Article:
Page:Popular Science Monthly Volume 26.djvu/404


The largest refracting telescope as yet actually completed has a light-gathering surface twenty-seven inches in diameter. This is the great Vienna equatorial, admirably turned out by Mr. Grubb, of Dublin, in 1880, but still awaiting the commencement of its exploring career. It will, however, soon be surpassed by the Pulkowa telescope, ordered more than four years ago on behalf of the Russian Government from Alvan Clark & Sons, of Cambridgeport, Massachusetts. Still further will it be surpassed by the coming "Lick Refractor." It is safe to predict that the optical championship of the world is, at least for the next few years, secured to this gigantic instrument, the completion of which may be looked for in the immediate future. It will have a clear aperture of three feet. A disk of flint-glass for the object-lens, 38·18 inches across, and one hundred and seventy kilogrammes in weight, was cast at the establishment of M. Feil, in Paris, early in 1882. Four days were spent and eight tons of coal consumed in the casting of this vast mass of flawless crystal; it took a calendar month to cool, and cost two thousand pounds sterling.[2] It may be regarded as the highest triumph so far achieved in the art of optical glass-making.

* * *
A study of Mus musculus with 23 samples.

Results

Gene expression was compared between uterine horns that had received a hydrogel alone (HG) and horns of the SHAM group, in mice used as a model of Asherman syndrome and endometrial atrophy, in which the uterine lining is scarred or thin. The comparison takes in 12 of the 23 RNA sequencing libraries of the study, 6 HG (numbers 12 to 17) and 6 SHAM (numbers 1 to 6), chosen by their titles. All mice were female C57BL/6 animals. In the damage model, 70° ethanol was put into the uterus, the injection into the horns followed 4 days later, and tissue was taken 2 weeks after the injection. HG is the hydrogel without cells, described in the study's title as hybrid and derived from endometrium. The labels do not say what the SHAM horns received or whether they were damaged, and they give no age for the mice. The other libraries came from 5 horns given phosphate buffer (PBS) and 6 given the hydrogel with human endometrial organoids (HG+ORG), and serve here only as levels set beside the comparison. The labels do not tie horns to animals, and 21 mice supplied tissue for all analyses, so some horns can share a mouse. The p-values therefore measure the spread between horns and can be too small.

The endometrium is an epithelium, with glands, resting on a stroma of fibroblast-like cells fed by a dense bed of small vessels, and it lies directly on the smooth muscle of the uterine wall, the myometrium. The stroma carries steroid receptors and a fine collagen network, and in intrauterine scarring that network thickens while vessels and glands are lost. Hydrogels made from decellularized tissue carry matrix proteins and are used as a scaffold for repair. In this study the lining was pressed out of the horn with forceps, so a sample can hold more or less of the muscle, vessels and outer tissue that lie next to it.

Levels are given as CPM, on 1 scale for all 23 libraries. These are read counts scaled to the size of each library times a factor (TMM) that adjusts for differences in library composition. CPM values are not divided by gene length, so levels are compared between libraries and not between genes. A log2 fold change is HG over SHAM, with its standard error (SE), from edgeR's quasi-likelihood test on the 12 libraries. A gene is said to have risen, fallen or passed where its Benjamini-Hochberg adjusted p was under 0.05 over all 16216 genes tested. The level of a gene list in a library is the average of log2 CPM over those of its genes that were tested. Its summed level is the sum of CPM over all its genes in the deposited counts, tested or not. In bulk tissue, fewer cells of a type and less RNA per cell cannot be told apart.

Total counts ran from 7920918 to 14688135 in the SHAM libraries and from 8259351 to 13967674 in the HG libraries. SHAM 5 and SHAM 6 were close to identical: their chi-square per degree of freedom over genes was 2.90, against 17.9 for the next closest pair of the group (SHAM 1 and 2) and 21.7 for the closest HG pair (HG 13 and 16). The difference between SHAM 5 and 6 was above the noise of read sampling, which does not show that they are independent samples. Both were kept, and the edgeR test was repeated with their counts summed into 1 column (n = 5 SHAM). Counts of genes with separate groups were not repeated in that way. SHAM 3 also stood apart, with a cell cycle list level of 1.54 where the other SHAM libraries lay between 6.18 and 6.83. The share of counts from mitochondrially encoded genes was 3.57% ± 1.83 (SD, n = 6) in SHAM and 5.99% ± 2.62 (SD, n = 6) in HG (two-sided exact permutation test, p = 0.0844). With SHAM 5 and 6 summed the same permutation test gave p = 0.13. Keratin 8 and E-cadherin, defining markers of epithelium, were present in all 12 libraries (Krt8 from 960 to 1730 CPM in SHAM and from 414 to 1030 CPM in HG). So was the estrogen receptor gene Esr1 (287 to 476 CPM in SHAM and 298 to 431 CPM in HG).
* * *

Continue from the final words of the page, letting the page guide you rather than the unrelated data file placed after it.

A refracting telescope three feet in aperture collects rather more light than a speculum of four feet.[3] In this quality, then, the Lick

  1. "The Observatory," No. 43, p. 613.
  2. "Nature," vol. xxv, p. 537.
  3. Silvered glass is considerably more reflective than speculum-metal, and Mr. Common's 36-inch mirror can be but slightly inferior in luminous capacity to the Lick objective. It is, however, devoted almost exclusively to celestial photography, in which it has done splendid service. The Paris 4-foot mirror bent under its own weight when placed in the tube in 1875, and has not since been remounted.